Many of us grew up with the conventional wisdom that said loading up on carbs before a long run (for example) is good for energy and endurance. And most of us are accustomed to tasting, if not devouring, some kind of “appetizer” bread when dining out. However, so long as we have enough nutrients in our system to sustain a workout, we are better off consuming the bulk of our carbs after working out, not before. And we’re also much better off eating those delicious carbs at the end of our meal (might you re-warm that, please?)

On the working out side, exercise lowers blood sugar levels by helping your cells use/become sensitive to the insulin that’s available to absorb your sugar such that blood sugar declines after exercise, remains lower for 1-2 days hours following a work out, and also lowers over time if you work out regularly.  While most us are aware of  how important exercise it’s only with a prediabetes diagnosis do we pay as much attention to its sequencing. In fact, I’m a few years into my diet change and I’ve only begun to operationalize this information now: although I no longer jog, the runner’s mentality of carb pre-loading has been ingrained in my brain.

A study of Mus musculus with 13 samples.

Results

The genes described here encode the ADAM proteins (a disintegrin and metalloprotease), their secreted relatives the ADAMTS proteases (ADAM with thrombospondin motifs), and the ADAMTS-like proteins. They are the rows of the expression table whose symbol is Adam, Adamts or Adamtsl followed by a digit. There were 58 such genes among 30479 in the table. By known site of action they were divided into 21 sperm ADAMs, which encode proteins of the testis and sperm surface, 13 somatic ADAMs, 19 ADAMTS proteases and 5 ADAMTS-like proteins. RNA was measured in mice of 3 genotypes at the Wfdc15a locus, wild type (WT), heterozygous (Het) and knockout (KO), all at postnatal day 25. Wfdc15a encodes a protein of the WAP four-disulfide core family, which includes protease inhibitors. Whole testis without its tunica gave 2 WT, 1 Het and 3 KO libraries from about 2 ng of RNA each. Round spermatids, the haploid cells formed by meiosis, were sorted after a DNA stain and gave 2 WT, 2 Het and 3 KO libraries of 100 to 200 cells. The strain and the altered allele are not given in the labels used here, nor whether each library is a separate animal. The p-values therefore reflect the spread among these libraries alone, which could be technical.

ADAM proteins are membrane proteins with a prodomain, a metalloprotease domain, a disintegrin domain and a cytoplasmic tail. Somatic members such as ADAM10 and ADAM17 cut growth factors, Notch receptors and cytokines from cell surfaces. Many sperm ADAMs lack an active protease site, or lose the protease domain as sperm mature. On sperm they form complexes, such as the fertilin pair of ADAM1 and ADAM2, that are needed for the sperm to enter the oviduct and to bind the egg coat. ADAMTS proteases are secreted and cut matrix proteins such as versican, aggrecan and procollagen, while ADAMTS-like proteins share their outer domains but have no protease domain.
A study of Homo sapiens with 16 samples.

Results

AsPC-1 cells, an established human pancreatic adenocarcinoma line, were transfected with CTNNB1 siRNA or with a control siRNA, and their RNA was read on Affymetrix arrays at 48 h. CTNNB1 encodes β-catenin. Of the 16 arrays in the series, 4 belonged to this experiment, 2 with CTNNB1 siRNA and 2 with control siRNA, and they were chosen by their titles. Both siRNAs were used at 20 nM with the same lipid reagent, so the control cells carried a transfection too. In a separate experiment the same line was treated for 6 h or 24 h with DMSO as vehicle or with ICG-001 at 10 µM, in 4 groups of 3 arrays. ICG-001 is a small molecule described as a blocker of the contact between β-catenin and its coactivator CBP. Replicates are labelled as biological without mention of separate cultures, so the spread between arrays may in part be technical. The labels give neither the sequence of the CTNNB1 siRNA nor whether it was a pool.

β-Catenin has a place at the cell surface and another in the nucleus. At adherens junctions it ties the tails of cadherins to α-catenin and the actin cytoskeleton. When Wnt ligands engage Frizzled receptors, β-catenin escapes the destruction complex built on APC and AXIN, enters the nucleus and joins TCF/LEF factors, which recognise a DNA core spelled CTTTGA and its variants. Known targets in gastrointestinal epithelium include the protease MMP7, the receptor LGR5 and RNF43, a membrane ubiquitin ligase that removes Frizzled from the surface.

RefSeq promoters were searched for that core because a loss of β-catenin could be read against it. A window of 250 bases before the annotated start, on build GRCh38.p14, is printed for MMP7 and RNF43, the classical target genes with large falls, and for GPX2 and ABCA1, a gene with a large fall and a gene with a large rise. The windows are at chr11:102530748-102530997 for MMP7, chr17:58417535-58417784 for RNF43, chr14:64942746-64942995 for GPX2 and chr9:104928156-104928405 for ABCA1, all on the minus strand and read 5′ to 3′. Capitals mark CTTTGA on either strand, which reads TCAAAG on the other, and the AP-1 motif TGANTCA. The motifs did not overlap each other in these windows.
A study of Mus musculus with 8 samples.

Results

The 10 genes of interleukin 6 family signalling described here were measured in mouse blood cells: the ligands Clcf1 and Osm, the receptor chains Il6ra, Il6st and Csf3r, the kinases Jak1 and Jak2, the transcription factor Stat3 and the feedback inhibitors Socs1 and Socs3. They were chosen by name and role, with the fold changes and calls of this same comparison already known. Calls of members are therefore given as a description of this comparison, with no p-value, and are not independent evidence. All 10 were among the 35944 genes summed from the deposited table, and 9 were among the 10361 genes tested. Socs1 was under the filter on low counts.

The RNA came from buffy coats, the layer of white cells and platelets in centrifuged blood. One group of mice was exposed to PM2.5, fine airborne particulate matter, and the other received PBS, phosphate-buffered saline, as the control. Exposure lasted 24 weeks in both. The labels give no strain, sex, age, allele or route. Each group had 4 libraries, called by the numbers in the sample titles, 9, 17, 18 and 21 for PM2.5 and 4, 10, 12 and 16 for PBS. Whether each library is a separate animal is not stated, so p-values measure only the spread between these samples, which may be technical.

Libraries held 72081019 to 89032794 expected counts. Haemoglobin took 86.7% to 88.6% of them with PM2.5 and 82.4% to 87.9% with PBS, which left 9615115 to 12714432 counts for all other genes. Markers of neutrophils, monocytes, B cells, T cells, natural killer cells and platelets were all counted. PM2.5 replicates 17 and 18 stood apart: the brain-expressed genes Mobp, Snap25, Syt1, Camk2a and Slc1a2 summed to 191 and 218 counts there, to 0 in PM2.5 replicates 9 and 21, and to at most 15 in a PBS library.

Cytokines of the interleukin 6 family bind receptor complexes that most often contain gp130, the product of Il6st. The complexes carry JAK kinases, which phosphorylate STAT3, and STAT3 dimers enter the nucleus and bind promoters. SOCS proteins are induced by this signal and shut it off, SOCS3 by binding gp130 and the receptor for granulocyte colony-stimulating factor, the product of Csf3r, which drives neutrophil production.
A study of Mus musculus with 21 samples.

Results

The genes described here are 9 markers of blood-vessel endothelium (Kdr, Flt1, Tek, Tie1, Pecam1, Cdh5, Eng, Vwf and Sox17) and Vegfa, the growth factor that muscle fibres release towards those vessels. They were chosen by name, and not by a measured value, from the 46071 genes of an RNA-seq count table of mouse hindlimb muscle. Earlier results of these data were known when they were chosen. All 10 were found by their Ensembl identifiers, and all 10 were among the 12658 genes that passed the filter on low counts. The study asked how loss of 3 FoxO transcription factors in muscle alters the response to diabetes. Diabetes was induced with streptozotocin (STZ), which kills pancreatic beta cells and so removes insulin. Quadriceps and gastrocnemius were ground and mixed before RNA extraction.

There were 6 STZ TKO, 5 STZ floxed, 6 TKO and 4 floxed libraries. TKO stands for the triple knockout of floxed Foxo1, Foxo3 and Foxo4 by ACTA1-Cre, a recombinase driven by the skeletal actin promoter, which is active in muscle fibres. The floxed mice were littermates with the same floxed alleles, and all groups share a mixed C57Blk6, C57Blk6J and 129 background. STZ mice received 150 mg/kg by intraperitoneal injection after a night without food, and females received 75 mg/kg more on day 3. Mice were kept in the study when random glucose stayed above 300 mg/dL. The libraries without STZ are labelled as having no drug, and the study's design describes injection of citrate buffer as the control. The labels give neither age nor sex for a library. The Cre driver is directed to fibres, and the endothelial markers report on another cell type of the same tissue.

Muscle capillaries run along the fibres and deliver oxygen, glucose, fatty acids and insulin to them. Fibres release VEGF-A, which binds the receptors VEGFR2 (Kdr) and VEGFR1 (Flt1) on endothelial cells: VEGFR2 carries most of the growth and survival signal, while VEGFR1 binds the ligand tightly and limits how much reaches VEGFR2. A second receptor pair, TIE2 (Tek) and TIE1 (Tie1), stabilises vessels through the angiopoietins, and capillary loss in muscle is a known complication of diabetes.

It’s different if you already have type 2, however, and there are more precise formulas for exercise and carbs that can be tailored to your individual reactions such that you don’t consume too many carbs before the workout and raise your sugar, or consume too few and risk hypoglycemia during a workout.

Further, research shows that unlike the long runs I used to take (and maybe you still do? If so, I envy you!), today’s boot camp style classes are much better for lowering blood sugar. In studies, people with Type 2 showed much better results in their sugar as well as a drop in bad cholesterol from intense short bursts of exercise such as interval training— and especially when spread out across a day— than from more sustained, moderate exercise. Strength training with weights twice a week has also been shown to be particularly effective. For those of you who have desk jobs, there are even major blood sugar benefits from just getting up every 20 minutes from the desk than sitting for 5 hours (no wonder they say sitting is the new smoking).

On the bread platter/basket/bucket side of things, if you can put that stuff off until you’ve got some protein, fat, and fiber in your system, you can significantly reduce post-meal sugar spikes (by 50%)—either because you eat less bread overall once you’re full, because protein, fat, and fiber digest slowly and put the breaks on the sugar rush or because you may have enough glucagon-like peptide-1 (amino acid) to help your insulin function. Whatever the reason, eating carbs last seems intuitively right. Of course when steaming, fragrant, crusty bread arrives at the table, common sense often goes out the window. But if you are up to the task, it doesn’t hurt to ask: might you bring that back for last?